It used to be that the economics of television were pretty straightforward: broadcasters sold advertising to sponsors, who were willing to pay more to hawk their wares on the highest-rated programs.
The biggest shows and stars attracted the classiest advertisers — luxury car makers, popular consumer products, brokerages and banks.
Things have obviously changed radically, or how else could one explain the phenomenon of Tucker Carlson?
Carlson is the undisputed star of Fox News Channel. In the April Nielsen ratings he trounced all other cable news programming, with an average audience of more than 3 million viewers. His Tucker Carlson Tonight also finished first in the sought-after 25-54 age segment, averaging 523,000 viewers.
Yet the advertising lineup of Carlson's show displays virtually no class at all. Judging from my viewing of the program on a couple of recent evenings, it comprises one advertiser that has attracted a regulatory complaint, another dinged for alleged ineffectiveness, a few others selling products for geriatrics that one would more expect to see more on daytime TV or in predawn hours, and a few other minor consumer products.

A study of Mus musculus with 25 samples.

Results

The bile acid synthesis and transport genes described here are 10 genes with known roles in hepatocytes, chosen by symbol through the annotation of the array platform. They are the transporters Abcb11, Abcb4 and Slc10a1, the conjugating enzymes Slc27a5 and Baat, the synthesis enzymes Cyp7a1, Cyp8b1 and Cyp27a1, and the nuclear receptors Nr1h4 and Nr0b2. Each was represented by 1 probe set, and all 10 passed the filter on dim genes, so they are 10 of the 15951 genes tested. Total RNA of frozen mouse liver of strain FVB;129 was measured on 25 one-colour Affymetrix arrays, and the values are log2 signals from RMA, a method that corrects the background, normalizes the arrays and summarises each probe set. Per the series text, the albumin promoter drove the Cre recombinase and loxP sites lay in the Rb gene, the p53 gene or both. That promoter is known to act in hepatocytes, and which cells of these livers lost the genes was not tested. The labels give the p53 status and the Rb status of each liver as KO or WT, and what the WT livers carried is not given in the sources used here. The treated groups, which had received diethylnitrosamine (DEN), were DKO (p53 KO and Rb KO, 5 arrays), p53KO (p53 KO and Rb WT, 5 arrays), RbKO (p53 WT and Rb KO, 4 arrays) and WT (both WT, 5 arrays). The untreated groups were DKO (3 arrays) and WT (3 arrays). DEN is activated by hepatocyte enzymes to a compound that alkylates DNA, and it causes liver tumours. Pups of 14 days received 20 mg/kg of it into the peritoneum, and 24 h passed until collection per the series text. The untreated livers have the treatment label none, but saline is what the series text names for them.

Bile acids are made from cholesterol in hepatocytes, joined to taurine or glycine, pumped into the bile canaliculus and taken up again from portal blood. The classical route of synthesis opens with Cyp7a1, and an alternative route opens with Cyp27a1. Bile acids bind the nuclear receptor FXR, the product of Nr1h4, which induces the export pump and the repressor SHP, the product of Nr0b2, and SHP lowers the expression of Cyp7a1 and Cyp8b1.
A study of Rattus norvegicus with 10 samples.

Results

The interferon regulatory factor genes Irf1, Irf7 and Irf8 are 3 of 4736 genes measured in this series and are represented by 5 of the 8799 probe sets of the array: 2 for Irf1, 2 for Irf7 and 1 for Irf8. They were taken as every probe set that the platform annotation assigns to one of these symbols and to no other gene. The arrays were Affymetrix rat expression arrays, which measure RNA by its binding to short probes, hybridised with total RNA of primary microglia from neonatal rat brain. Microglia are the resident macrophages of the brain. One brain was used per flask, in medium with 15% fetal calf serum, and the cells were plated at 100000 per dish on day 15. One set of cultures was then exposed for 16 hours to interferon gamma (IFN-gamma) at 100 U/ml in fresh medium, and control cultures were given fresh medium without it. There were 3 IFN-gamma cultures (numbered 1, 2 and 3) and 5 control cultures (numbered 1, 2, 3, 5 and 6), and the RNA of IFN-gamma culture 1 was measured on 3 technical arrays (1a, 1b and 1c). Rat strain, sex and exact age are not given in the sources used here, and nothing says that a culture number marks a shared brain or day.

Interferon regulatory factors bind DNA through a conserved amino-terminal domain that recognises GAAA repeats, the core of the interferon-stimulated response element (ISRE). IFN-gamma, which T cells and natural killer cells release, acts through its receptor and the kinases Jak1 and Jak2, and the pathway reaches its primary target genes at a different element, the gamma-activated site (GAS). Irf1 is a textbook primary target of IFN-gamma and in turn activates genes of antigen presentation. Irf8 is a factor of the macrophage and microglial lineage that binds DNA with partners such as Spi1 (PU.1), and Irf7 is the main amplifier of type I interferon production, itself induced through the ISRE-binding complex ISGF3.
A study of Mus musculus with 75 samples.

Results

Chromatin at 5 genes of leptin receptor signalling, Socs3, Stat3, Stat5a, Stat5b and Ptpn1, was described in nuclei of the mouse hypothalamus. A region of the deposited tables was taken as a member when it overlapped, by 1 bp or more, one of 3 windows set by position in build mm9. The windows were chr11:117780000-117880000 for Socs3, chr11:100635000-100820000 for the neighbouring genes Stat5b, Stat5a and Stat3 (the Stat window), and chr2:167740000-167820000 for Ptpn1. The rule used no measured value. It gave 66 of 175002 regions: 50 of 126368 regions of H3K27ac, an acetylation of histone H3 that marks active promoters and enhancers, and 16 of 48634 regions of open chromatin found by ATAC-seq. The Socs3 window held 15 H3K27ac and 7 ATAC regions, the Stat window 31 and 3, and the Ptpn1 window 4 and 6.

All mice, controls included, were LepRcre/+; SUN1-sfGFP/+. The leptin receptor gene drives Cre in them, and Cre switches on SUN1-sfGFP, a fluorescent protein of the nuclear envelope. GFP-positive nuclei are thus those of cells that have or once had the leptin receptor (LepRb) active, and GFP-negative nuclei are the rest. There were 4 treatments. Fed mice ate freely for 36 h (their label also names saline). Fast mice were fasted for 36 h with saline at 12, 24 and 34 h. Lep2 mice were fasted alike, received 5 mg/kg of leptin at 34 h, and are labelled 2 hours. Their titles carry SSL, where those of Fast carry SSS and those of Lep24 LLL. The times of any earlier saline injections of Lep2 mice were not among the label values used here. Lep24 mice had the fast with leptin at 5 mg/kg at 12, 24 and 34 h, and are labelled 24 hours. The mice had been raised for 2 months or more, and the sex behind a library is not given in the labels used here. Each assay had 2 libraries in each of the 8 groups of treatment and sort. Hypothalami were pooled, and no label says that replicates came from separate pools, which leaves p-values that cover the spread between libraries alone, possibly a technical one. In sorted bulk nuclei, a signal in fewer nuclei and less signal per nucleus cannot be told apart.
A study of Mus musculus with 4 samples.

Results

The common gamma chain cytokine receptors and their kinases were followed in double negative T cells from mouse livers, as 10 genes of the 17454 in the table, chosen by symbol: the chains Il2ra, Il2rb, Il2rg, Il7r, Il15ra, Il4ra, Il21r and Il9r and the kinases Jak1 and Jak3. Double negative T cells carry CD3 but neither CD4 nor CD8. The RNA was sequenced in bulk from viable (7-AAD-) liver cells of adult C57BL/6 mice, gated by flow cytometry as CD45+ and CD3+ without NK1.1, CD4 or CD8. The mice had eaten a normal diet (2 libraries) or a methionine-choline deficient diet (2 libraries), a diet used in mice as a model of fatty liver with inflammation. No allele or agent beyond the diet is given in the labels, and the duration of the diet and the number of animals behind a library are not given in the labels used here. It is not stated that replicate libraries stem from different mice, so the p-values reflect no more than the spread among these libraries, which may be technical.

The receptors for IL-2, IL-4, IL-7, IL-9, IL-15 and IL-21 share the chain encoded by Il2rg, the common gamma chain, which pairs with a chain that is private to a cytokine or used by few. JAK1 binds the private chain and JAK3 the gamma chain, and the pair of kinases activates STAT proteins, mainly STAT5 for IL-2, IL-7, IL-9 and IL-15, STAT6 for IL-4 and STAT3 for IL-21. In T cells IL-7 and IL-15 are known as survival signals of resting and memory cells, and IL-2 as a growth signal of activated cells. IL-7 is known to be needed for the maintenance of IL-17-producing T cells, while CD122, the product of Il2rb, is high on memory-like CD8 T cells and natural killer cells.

A couple of years ago, while Carlson's rank on Fox News was on the rise but before he reached his current peak, his advertisers included Disney, T-Mobile, Lexus and the brokerage TD Ameritrade. None is an advertiser any longer.
It's proper to ask what Fox Corp., his employer, gets out of the relationship. But Fox plainly thinks it gets something of value, for Carlson's contract is reportedly worth $10 million a year.
Carlson has become the most prominent face of right-wing politics on cable. He has attacked immigrants and immigration in the most offensive terms and openly voiced racist talking points.
He ridicules anti-pandemic measures such as social distancing and mask-wearing. On his program a few days ago, he counseled viewers to harass anyone they saw wearing a mask outdoors, and to call the police or "child protective services" on parents if their children are seen wearing masks at play.
Masks are "signifiers of shame and submission," he said, blaming mask rules on "power-drunk politicians."